The second largest of the Cook Islands, Mangaia is known for its rich lush greenery and tropical vegetation. Akin to Rarotonga in size, Mangaia is roughly 51.8 sq km, but is home to only around 700 people. Known for its pineapples, which are reputed to be big, sweet and extremely juicy, Mangaia is also famous for its Mangaian taro, which is rated as the tastiest in the Cook Islands by some. Another popular export of Mangaia is maire, a plant which is exported to Hawaii to be used in leis or necklaces.
Discovered by Captain Cook on his second voyage to the Cook Islands, Mangaia was first set foot on by Captain Cook in 1777. However, he was given a rather frosty welcome by the natives, which caused him to turn around and leave, sailing north to Atiu. According to the local legend Mangaia was lifted out of the sea by the sons of the god Rongo, who settled here and who are the ancestors of the Nga Ariki tribe. Mangaia which means ‘peace’ today is a tribal island governed by one ariki or high chief, Queen Numangatini, who currently resides in New Zealand.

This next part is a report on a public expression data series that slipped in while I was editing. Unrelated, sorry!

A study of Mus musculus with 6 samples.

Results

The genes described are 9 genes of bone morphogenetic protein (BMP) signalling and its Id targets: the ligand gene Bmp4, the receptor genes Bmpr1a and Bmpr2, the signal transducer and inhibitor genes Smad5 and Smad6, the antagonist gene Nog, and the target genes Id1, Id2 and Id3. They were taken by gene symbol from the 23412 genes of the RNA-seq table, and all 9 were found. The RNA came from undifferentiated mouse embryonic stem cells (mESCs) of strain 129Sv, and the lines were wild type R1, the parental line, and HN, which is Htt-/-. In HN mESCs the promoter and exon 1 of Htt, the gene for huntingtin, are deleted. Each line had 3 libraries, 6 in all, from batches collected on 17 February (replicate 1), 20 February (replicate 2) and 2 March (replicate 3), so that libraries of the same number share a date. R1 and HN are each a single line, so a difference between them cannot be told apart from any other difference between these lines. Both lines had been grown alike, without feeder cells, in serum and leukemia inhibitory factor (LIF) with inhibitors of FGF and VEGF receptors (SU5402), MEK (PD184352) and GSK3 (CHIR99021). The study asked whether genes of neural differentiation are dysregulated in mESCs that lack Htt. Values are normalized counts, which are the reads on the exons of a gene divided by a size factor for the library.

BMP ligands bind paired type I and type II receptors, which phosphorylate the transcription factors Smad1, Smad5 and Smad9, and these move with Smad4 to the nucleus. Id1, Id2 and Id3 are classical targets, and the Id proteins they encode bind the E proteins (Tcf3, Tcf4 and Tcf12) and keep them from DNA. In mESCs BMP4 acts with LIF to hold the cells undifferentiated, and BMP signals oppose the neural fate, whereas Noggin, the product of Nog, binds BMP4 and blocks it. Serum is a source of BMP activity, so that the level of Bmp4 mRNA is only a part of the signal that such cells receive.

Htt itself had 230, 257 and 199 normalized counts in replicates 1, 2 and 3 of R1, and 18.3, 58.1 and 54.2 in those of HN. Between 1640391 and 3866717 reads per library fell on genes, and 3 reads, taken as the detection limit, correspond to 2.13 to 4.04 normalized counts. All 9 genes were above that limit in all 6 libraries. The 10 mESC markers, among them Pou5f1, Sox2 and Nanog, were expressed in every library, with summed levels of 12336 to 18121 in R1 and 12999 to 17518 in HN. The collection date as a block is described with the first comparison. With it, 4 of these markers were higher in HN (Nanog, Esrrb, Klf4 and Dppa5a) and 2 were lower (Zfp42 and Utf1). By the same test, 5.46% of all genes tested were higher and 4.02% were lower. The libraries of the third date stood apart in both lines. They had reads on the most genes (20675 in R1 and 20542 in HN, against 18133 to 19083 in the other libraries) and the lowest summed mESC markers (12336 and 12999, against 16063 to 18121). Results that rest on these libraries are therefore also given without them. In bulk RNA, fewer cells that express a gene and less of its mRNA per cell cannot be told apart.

There are three main villages on Mangaia, Oneroa, Tamarua and Ivirua, while much of the islands interior is hilly and steep with makatea cliffs in many places that rise from the coast and run inland. Ferns, trees, shrubs, vines and coconut palms grow on the makatea here, which provides some beautifully greenery. A climb up the makatea cliffs provides some stunning views of the island and the ocean surrounding Mangaia.
Of the three main settlements here, Oneroa is the most important with the hospital, church, telecom office and tourism office located here. Pokino’s Store in town is not only a good place to shop, but is an ANZ agent as well, which means you can cash NZ travelers checks and get credit card cash advances. Air Rarotonga also has an office in Oneroa. It is worth visiting the tourism office here, as it is one of the best places to buy local crafts and wares. Here you can purchase carved stone axes, stone pestles and pretty pupu ei necklaces, which are made from tiny white and yellow shells.